Saturday, July 28, 2007

UNITED NATIONS -- The aging United Nations headquarters is set to undergo a $1 billion makeover, the first-ever overhaul of the landmarked but leaking complex overlooking the East River.

The seven-year project will be conducted in three phases, with about 1,000 workers temporarily relocated to buildings in Manhattan and Queens during each phase, said Alicia Barcena, U.N. undersecretary general for management. Work will begin in early 2008.

From 2009 to 2011 the General Assembly will be housed a block away from headquarters on East 46th Street. The U.N. Secretary-General and the National Security Council will remain at the main complex but in temporary space. About 4,000 people work at the U.N. headquarters, which includes three buildings.

"The signing of this agreement is a major step in making the U.N. headquarters a safer, healthier and more energy-efficient place for all of us who work here," Barcena said at a news conference Friday. "It will make it safer for hundreds of thousands of tourists who visit every year."

A Sweden-based construction firm, Skanska AB, won a competitive bid to conduct the pre-construction phase of the project, Barcena said. Skanska will review the current design drawings and provide a guaranteed maximum price to perform the construction before the United Nations makes a decision to award the final construction contract, Barcena said.

"We are currently negotiating with Skanska, and if we agree on pricing, they will probably become the construction management company on the project," said Werner Schmidt, a U.N. spokesman.

Barcena was accompanied at the news conference by Michael Alderstein, who will oversee the entire renovation.

Alderstein, an architect who was appointed executive director of the project this month, managed the renovation of the Taj Mahal, Ellis Island and the New York Botanical Garden.

"It's the United Nations," he said when asked why he would want to head such a daunting project. "It's the most difficult project, in my view, in the world."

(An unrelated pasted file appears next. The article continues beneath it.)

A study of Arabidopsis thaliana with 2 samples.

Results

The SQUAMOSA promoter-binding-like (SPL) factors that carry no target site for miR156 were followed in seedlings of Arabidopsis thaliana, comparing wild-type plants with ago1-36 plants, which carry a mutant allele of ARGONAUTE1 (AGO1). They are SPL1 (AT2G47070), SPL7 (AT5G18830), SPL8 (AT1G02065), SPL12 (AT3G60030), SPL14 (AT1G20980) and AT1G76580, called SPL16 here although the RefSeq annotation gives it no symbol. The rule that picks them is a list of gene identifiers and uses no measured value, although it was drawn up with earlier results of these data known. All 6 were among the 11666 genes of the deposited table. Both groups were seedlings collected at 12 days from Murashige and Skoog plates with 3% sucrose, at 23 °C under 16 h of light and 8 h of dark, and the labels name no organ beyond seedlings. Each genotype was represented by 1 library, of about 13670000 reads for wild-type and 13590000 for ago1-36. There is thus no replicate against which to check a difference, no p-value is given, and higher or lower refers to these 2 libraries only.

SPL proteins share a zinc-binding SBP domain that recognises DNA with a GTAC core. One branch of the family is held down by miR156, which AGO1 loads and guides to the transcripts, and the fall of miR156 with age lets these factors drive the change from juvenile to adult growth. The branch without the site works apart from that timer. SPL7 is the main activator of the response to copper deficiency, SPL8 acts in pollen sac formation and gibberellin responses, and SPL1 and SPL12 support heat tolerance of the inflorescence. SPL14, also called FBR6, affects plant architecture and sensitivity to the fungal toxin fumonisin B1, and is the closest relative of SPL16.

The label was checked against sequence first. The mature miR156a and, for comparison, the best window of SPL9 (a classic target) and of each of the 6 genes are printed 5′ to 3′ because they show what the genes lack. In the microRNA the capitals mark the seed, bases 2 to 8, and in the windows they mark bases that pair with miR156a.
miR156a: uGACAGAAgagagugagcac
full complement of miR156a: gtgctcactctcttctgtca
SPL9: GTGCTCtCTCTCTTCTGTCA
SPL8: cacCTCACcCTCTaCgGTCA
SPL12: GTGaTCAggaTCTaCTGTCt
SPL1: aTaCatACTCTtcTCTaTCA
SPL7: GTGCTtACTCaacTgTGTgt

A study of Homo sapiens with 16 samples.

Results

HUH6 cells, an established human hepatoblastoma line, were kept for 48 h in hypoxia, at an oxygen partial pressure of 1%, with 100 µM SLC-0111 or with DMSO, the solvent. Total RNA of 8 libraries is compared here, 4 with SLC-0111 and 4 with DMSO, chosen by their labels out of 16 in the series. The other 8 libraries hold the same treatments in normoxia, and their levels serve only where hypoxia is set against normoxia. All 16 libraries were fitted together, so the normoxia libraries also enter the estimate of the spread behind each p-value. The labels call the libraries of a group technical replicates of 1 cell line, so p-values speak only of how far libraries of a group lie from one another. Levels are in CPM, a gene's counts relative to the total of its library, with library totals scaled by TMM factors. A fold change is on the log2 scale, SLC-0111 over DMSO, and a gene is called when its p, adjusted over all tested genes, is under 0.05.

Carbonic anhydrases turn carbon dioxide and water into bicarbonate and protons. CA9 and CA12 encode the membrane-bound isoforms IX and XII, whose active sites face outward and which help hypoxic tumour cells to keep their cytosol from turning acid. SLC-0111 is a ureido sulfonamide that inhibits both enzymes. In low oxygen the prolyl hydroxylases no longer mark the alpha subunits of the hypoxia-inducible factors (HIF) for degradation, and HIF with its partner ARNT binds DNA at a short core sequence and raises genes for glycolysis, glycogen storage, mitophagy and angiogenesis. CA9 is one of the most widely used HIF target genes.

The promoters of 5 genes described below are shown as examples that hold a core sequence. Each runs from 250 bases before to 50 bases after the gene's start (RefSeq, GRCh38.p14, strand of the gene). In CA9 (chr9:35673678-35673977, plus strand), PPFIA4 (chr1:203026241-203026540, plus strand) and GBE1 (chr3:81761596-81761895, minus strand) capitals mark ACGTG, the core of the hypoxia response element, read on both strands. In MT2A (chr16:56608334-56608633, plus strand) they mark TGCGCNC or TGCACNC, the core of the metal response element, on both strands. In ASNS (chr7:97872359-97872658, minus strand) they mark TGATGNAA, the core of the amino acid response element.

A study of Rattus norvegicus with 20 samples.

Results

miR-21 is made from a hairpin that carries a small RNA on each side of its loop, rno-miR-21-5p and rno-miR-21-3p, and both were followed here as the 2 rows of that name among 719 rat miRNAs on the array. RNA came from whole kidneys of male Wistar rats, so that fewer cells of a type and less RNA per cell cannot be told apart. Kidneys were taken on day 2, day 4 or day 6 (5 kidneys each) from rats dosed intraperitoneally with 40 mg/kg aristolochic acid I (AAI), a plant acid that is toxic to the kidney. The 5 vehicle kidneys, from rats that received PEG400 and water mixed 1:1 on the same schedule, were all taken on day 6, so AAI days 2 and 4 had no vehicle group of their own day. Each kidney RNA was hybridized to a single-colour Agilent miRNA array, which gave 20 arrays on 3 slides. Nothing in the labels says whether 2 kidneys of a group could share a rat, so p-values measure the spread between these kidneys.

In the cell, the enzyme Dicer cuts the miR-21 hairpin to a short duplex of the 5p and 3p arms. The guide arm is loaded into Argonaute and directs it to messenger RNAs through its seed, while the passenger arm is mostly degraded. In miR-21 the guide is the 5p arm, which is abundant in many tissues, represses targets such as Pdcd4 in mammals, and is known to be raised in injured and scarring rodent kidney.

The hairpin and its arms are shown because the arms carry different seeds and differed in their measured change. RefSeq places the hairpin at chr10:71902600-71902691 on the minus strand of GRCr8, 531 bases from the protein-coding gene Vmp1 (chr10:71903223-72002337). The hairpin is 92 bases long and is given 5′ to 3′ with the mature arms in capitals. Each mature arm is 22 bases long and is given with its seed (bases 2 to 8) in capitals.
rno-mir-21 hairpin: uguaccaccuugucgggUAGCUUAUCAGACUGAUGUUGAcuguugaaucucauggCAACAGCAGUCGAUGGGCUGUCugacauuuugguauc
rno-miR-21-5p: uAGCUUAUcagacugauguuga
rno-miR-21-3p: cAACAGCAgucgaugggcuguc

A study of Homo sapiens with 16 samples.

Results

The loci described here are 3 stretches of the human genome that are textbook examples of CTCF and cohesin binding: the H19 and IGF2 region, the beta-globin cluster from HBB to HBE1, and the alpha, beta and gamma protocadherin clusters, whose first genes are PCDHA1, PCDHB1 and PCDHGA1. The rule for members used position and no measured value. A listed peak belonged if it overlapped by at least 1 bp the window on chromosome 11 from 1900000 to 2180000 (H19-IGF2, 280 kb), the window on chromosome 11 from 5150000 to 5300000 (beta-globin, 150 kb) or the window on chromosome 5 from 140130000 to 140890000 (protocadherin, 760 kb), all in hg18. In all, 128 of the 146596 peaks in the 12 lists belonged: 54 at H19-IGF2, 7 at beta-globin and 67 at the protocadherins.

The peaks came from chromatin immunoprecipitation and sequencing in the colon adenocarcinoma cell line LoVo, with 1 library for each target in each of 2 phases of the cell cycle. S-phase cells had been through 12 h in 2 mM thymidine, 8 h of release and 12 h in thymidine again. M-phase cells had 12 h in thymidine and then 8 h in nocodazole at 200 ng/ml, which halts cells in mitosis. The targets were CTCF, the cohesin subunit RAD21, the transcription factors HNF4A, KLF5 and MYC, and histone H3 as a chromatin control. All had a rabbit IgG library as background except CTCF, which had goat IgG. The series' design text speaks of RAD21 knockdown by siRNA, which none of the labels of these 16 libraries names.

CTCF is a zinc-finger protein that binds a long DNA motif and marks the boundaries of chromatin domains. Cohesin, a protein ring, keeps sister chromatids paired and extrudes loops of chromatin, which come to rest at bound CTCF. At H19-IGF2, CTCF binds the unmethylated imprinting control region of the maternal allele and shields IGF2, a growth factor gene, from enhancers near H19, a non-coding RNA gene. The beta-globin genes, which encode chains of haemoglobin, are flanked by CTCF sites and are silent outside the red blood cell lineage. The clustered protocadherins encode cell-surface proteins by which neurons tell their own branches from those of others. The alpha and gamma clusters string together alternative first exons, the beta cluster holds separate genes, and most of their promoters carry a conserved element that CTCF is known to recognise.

The landmark U.N. Secretariat building was built in 1950, based on a design by famous Swiss-born architect Le Corbusier. It and its neighboring Conference and General Assembly buildings, built in 1951 and 1952, are packed with toxic asbestos, have leaking roofs and erratic heating and cooling systems and lack fire sprinklers. The sprawling 39-story glass-and-steel complex has not seen a major overhaul since it was built.

The renovation involves a complete makeover, covering six buildings with total floor space of 2.6 million square feet on 17 acres.

One goal of the renovation is to make the buildings more energy efficient. The Secretariat building alone, where U.N. Secretary-General Ban Ki-moon's office is located, wastes as much as 25 percent of the heat pumped into it in the winter.

Officials had initially suggested constructing an office building on a playground south of 42nd Street to temporarily house U.N. employees during renovations. That plan, which would have required state and city approval, was abandoned because of a lack of support in the state Legislature.

Skanska Chief Executive Stuart Graham said his company was "extremely honored to partner with the United Nations to help them create a modern and environmentally sound headquarters for its membership and staff."

The company, which has made a strong push into the U.S. construction market in the past few years -- building the open-air stadium for the New York Jets and New York Giants in New Jersey, said the project is its largest ever in the U.S. and one of its top three worldwide.

Skanska spokesman Peter Gimbe said the project was "internationally prestigious," helping the company cement its position both in the tough New York market and worldwide.

"This will be a reference project for us across the globe. The U.N. headquarters is probably one of the most famous buildings in the world," he said.